Washington Street between Forest Hills and Roslindale Square services nine MBTA routes and 19,000 bus riders every day. During the morning and evening rush hour, nearly 60% of the people moving along this corridor are traveling by bus, making it one of the busiest bus ways in the region.
Let’s Keep Rozzie Moving by taking steps now to implement bus priority improvements that can benefit everyone using Washington Street!
- Multiple studies of this corridor by the MBTA, MassDOT, MAPC, BostonBRT, and the Boston Transportation Department have identified that bus improvements are needed based on chronic delay issues relative to the high ridership rates.
- The Go Boston 2030 Action Plan identified Washington Street in Roslindale as a corridor in need of bus priority improvements, and this project was widely supported by residents.
- In the fall, we led Street Ambassador deployments at bus stops throughout Roslindale to talk with community members about the potential for a bus priority pilot on Washington Street.
- Our goal was to engage with as many riders as possible and hear directly from them about why they need priority for buses now.
- We captured riders’ stories and shared them with City of Boston officials to build the case that this project needs to move forward. Stay tuned for updates about a pilot to take place in the spring of 2018!
Download our Keep Rozzie Moving handout for more info.
BENEFITS OF BETTER BUSES IN ROSLINDALE
- Bus priority improvements can improve commute times for riders traveling from adjacent communities including Mattapan, Roslindale, West Roxbury, Dedham, and Norwood.
- Bus priority can benefit everyone. It improves connections between communities and other transit modes, including cycling and walking.
- A pilot would include improvements to Washington Street (under the jurisdiction of the City of Boston.) Potential improvements include:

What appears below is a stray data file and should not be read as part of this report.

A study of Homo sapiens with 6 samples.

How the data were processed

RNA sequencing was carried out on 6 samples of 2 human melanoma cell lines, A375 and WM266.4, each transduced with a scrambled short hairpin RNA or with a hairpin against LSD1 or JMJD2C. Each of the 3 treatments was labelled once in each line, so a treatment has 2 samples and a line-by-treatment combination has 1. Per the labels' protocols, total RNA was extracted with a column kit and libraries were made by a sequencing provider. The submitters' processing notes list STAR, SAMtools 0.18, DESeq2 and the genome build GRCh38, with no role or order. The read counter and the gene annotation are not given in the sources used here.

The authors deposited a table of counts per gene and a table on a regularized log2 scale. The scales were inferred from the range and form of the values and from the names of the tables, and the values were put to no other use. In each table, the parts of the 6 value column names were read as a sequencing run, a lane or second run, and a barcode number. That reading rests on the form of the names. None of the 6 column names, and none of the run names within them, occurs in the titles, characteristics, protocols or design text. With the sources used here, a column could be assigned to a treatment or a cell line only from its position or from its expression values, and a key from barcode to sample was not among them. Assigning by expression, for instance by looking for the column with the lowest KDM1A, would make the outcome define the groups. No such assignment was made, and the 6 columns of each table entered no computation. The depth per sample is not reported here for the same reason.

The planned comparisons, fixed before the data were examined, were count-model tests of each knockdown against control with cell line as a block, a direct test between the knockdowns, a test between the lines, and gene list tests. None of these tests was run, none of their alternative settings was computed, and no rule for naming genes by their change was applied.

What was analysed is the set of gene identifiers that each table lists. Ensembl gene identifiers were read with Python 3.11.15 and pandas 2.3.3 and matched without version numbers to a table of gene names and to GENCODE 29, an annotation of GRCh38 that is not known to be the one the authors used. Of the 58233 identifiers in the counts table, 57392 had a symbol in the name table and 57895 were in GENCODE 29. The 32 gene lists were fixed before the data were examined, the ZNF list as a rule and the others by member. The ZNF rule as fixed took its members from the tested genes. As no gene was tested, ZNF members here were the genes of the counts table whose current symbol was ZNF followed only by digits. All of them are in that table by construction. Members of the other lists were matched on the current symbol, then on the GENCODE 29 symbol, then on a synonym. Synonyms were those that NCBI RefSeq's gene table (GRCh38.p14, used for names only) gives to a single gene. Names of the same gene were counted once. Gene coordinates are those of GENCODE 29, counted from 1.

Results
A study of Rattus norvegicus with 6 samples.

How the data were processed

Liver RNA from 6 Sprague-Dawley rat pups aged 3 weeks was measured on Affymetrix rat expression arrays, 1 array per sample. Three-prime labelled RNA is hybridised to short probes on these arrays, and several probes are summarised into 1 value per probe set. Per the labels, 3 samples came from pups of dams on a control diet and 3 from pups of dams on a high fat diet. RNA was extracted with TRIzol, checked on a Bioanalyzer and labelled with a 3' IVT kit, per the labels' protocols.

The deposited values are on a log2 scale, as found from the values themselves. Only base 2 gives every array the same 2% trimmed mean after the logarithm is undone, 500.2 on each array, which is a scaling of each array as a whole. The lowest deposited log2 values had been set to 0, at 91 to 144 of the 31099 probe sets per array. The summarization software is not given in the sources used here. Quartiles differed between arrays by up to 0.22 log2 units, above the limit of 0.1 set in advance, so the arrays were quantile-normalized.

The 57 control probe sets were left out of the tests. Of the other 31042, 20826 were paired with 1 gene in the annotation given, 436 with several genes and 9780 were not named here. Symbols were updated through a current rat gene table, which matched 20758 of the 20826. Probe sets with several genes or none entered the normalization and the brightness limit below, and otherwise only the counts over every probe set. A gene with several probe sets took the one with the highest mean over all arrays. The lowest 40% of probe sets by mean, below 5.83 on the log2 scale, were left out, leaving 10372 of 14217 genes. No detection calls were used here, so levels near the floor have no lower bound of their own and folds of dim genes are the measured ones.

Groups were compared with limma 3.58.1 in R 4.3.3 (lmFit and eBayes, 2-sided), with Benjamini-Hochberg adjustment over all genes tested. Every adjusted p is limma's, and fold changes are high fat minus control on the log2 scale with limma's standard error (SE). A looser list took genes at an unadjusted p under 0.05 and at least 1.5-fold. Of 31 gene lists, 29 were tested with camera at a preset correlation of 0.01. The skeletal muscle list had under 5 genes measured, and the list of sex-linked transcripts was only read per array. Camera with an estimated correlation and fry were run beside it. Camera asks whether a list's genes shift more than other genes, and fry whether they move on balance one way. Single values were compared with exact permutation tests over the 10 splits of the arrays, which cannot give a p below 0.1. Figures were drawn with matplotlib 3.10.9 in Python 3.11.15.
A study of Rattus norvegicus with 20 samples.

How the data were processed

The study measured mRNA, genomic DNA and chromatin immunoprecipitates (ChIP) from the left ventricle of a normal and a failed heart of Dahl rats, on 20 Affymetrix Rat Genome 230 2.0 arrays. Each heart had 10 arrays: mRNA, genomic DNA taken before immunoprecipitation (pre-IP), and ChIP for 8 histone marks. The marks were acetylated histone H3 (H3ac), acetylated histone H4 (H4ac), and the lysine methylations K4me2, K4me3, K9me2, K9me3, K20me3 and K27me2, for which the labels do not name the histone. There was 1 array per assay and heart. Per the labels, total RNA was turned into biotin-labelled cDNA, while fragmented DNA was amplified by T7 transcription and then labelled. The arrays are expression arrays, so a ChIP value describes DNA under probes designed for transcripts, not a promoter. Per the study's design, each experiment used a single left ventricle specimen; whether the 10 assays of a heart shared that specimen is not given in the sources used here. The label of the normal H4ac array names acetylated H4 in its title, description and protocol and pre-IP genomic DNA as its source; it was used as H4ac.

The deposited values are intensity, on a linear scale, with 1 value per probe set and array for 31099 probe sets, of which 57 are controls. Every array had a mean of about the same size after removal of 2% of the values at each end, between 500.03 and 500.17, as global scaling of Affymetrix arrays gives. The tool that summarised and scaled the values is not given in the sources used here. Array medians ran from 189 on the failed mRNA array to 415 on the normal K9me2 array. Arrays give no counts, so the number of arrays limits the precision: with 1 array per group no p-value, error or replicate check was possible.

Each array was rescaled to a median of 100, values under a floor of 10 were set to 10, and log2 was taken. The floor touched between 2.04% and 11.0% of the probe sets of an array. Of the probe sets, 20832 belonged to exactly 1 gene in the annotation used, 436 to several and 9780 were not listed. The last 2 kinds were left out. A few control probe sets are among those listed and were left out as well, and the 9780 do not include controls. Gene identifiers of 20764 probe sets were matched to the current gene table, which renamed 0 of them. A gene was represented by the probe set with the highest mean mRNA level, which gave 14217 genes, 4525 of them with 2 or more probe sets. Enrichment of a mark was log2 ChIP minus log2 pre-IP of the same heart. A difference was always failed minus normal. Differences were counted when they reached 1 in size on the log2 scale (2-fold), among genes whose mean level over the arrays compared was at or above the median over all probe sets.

- Operating rush hour “pop-up” bus only lanes in the parking lane
- Improving traffic signals along the corridor to better facilitate bus flow
- Improvements to bus stops
EVIDENCE FOR BETTER BUSES
- In the MA Vision Zero Coalition’s 2017 Candidate Questionnaire, many elected officials in Boston have expressed support for pop-up bus lanes during rush hours.
- In 2016, the City of Everett piloted a bus priority lane on 1.2 miles of Broadway to improve the reliability. The success of that pilot has demonstrated that this kind of transit improvement can work in the Boston area. Read more: “When Street Parking Becomes a Pop-Up Bus Lane.”
- LivableStreets' Board Member Steve Miller pinpoints key issues that are holding back Better Buses in Boston in his blog post "Want Better Buses and Trolley Service? Talk to Your Mayor!"
WHAT YOU CAN DO
- Volunteer with LivableStreets Alliance as a Street Ambassador to engage bus riders and build public support for a bus priority pilot. Sign up here or contact email@example.com to learn more about this unique opportunity to influence how people move around Metro Boston!
- Send a message to City Hall to tell Mayor Walsh why you need more reliable transit. Submit your feedback below or download our feedback card.
- Help us spread the word! Encourage your friends, family members, and neighbors to reach out to officials and submit their own feedback cards.
- Reach out to your local elected officials and ask them to prioritize bus priority in Boston:
Did you know that the City of Boston could improve the speed and reliability of your bus commute on Washington Street in Roslindale? Respond with your feedback below and we will share your story with City Hall and Mayor Walsh.